The Federal Reserve Employee Benefits System is using an innovative form of bond laddering in its $5.5 billion defined contribution plan to replace the GIC-laden stable value option that had been its most popular with participants.
The change was necessary “to introduce new fixed-income options that offered certainty of returns but did not have the concentration of risks from investing in guaranteed investment contracts,” William Clark, chief investment officer of the Newark, N.J.-based Federal Reserve Office of Employee Benefits, said in an interview.
Investments in the stable value fund had been 100% in GICs until the fourth quarter of 2008, when plan officials began investing new participant contributions and maturing GICS into a prime money market fund they incorporated into the stable value option, known as the Interest Income Fund.
Mr. Clark said plan executives were concerned that there were GICs from only seven insurance companies in the Interest Income Fund, and only three of them were offering new contracts. “A secondary concern was that the plan restrictions imposed by the GIC issuers limited the plan's flexibility to introduce new investment options and change various plan provisions,” he said.
Plan officials began phasing out the internally managed stable value option in July. That option had been offered since 1970.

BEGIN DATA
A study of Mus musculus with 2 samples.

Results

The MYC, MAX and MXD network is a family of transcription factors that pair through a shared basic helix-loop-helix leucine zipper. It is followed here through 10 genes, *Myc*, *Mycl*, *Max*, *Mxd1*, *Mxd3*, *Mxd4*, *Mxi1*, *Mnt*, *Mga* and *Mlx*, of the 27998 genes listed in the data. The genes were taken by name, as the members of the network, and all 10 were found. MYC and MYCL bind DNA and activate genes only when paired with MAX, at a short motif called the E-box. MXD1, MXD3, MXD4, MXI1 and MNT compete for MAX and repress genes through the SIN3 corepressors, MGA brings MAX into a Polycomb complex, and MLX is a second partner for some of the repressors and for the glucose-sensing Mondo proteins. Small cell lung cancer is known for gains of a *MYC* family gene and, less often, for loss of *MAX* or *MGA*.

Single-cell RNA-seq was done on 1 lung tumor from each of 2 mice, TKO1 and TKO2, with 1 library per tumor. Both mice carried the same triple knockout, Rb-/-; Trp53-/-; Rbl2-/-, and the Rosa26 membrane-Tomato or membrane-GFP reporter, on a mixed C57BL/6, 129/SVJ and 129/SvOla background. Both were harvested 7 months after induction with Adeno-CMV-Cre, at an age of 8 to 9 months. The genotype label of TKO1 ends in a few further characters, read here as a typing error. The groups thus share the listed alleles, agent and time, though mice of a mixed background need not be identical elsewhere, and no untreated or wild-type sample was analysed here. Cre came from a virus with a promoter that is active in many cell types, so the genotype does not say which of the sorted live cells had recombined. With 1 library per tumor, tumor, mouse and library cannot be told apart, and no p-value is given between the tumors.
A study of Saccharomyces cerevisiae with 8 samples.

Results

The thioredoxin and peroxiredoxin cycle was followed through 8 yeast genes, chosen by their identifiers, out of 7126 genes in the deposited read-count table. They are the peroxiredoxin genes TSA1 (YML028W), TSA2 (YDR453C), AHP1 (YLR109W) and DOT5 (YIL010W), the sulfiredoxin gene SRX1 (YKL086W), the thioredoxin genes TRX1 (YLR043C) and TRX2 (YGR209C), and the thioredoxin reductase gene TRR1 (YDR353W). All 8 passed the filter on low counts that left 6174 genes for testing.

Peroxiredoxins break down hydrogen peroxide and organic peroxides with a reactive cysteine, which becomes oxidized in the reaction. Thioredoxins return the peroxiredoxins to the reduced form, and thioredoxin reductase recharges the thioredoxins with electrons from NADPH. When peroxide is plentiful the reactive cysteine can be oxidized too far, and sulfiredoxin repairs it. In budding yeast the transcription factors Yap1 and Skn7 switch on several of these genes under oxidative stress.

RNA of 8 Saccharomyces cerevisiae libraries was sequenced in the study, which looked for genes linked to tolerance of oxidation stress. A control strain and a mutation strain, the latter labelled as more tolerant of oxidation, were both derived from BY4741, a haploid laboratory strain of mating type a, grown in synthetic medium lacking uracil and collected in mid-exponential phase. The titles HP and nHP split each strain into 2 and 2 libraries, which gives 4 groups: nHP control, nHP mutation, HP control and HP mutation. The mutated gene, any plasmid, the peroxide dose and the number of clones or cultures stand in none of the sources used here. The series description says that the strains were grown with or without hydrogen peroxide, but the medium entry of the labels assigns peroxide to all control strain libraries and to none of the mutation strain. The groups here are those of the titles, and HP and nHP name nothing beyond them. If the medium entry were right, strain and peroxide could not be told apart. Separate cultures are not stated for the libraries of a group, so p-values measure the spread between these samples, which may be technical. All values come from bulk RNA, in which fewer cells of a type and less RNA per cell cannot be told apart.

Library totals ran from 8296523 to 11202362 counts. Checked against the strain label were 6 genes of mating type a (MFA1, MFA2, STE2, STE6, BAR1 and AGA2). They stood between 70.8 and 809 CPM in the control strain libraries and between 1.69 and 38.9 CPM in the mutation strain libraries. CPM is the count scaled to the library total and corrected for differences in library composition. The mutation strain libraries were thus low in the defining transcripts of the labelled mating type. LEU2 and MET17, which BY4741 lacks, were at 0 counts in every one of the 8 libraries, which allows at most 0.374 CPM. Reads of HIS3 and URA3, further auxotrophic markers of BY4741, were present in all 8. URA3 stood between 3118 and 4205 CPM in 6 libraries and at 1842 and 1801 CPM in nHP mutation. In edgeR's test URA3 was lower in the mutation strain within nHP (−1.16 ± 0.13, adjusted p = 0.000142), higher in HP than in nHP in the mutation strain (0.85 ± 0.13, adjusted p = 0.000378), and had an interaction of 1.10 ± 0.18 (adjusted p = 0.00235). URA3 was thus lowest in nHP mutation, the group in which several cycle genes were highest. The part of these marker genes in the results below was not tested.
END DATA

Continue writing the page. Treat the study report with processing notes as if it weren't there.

In its place, plan officials launched a series of three bond funds — the Select Maturity Bond Family — with maturity dates of June 30, 2014; June 30, 2016; and June 30, 2018. “This allows the participants to invest in the equivalent of a CD (certificate of deposit) ladder or a bond ladder,” said Mr. Clark, adding that most participants choosing this option have invested in all three maturities.
The new bond-fund family is managed by BlackRock Inc., New York, which also manages a bond index fund and a Treasury inflation-protected securities index fund for the Federal Reserve's plan. (The plan also offers a passive Government Securities Fund, managed by State Street Global Advisors.)
Each of the new BlackRock funds will invest in U.S. Treasuries, other U.S. government agencies, foreign governments, corporate debt and securitized-debt-backed by a loan, lease or mortgage.
The allocation to the five sources varies with the length of maturity of the funds within the bond family. “There are strict credit and diversification requirements in order to limit the potential for — and exposure to — defaults in the underlying portfolio,” Mr. Clark said.